The benefits of this tactic are twofold. For one, it could eventually bring a larger chunk of manufacturing back to the U.S., as designers wouldn't have time for overseas deliveries. For another, it enables Minkoff to get a more up-to-the-minute read on weather trends, consumer preferences and popular colors or fabrics, and design into these factors.
This season, for example, the sudden drop in temperatures caused Rebecca Minkoff to design an oversize leather jacket in pale lavender, which "speaks to spring but keeps you warm." Because of these more informed decisions, which have been key to the success of fast-fashion retailers such as Zara, Uri Minkoff said the brand's capsule collection resulted in a 10 percent lift in sales to wholesale partners this season.
Along with the rest of the collection, these capsule items will be available for purchase immediately following the designer's show on Saturday (because spring deliveries come in three waves, not every look will be available to take home right away; those that aren't will be available for preorder).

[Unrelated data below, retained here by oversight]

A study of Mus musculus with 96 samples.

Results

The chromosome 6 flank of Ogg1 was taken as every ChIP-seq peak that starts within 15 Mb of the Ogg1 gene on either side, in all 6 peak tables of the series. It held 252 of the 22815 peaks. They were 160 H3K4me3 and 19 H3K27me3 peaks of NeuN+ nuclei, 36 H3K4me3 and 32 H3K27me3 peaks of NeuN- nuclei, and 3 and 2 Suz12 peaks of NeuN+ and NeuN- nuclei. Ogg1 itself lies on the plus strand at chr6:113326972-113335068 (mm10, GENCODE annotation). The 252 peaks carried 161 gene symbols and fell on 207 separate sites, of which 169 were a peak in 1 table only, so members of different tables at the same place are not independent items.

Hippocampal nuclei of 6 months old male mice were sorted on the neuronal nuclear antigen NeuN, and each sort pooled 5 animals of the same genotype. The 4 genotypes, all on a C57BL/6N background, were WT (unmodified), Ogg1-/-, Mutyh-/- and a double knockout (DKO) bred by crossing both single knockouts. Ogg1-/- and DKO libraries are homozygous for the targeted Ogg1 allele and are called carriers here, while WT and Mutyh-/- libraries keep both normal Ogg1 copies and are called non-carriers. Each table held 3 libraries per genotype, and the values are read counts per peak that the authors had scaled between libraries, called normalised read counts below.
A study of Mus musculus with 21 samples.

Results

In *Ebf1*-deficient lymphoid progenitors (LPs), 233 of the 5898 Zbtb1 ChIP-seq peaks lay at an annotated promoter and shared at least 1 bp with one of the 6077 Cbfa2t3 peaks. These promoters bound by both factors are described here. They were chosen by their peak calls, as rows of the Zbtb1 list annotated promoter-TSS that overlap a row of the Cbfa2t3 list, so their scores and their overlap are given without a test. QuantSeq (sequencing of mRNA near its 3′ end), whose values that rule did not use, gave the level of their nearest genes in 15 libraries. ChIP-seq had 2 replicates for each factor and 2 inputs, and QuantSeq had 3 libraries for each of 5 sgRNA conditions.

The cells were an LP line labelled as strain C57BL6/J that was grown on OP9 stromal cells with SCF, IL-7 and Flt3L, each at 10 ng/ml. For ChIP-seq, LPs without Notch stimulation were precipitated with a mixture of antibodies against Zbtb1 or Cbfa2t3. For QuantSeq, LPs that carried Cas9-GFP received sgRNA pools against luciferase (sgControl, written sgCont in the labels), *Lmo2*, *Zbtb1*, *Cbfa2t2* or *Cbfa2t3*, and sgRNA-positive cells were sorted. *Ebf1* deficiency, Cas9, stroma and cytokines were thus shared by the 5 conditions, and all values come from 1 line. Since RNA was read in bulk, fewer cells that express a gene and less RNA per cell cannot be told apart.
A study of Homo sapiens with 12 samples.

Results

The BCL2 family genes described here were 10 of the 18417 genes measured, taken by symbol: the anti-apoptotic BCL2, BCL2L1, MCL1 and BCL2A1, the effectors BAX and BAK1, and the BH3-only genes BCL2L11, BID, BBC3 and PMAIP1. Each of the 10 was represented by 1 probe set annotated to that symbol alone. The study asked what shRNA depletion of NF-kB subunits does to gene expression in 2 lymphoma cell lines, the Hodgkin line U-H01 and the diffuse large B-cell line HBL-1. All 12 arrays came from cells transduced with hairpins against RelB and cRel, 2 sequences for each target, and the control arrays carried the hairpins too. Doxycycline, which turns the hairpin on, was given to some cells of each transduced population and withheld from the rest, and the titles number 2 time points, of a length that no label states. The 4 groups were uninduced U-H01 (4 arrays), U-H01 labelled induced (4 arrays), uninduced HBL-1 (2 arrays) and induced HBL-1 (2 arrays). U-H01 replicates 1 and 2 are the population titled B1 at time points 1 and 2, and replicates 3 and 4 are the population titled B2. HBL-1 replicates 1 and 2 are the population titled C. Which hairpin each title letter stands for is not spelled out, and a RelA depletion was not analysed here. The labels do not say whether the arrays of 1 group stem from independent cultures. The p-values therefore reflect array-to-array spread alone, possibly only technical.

To be sure, there are still plenty of challenges ahead in overhauling the fashion calendar. Quan said the shift must be adopted broadly, and not by just one or two brands. Not only that, many will require a complete overhaul of their supply chain, so they, too, can produce items closer to need. What's more, because fast-fashion retailers can replicate looks so quickly — sometimes in as little as two weeks — they will still be able to pull looks from the runway and sell them for hundreds or thousands of dollars cheaper, Quan said.
Despite these challenges, Uri Minkoff said he's pleased with how quickly the conversation surrounding Fashion Week has ramped up, and the potential that they will play such a key role in overhauling an outdated system.
"If we can help stimulate full-price consumer retail, then we've really done well," he said.